Associated Press logo Associated Press 15/06/2017 By THANASSIS STAVRAKIS, Associated Press
In this Monday, March 13, 2017 photo new and decommissioned used ambulances are parked at a depot in Athens. Greece’s financial woes have clobbered spending on state-provided health services, even as demand has spiked because fewer Greeks can pay for private treatment. Some of Athens’ ambulances have up to 1 million kilometers (620,000 miles) _ nearly three times the distance to the moon _ on the clock, and about half are idle because of a lack of spare parts. At night, fewer than 40 vehicles cover a population of more than 4 million. (AP Photo/Thanassis Stavrakis) © The Associated Press In this Monday, March 13, 2017 photo new and decommissioned used ambulances are parked at a depot in Athens. Greece’s financial woes have clobbered spending on state-provided health services, even as demand has spiked because fewer Greeks can pay for private treatment. Some of Athens’ ambulances have up to 1 million kilometers (620,000 miles) _ nearly three times the distance to the moon _ on the clock, and about half are idle because of a lack of spare parts. At night, fewer than 40 vehicles cover a population of more than 4 million. (AP Photo/Thanassis Stavrakis)

ATHENS, Greece — Greece's financial woes have clobbered spending on state-provided health services, even as demand has spiked because fewer Greeks can pay for private treatment.

Some of Athens' ambulances have up to 1 million kilometers (620,000 miles) — nearly three times the distance to the moon — on the clock, and about half are idle because of a lack of spare parts. At night, fewer than 40 vehicles cover a population of more than 4 million.

Paramedic Dimitris Dimitriadis says the service is obliged to respond to every call it receives, even if the callers are just taking advantage of a rule that patients brought to hospitals by ambulance jump the line for treatment.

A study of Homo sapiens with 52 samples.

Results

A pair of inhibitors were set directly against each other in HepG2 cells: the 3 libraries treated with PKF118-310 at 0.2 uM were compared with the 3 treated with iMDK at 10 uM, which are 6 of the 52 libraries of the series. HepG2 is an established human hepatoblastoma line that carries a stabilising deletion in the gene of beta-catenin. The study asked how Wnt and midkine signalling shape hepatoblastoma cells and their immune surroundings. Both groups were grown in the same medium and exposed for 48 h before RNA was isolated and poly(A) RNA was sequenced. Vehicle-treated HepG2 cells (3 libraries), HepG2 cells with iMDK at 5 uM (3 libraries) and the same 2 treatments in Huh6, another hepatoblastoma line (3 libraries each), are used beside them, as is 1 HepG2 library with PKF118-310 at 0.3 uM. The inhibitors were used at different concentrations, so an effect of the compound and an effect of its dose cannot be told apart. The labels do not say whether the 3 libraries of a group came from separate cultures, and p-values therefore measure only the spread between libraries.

"But then you also get elderly people who can't afford a taxi fare to the hospital, so they call an ambulance," he said, driving toward a reported suicide in central Athens. Upon arrival, the crew was told that the injured person had been taken to a hospital by relatives.

Unions say rescuers do their best against the odds, focusing on getting urgent cases to emergency treatment within minutes of receiving a call. But other patients, who may still require hospital treatment, can end up waiting well over an hour.

Athens ambulance workers' union leader Giorgos Mathiopoulos says about 70 of the capital's 140 ambulances are out of action, and the fleet needs to be doubled in size.

"Up to 30 percent of the immobilized ambulances can't be repaired" and many are stripped for parts to keep others going, Mathiopoulos said.

"When we're trying to get to an incident as fast as possible ... and the ambulance has that many kilometers on the clock, it's a worry."

Government health officials say they want to make the service more efficient and order new ambulances, while the private Stavros Niarchos Foundation in April provided a 14 million-euro ($15.6 million) grant that will pay for 143 new ambulances nationwide and digitize the Athens call center that receives about 1.7 million calls annually.

Greece has deeply cut state spending, hiked taxes and slashed pensions under the terms of its international bailout program. The country has relied on rescue loans from its European partners and the International Monetary Fund since 2010.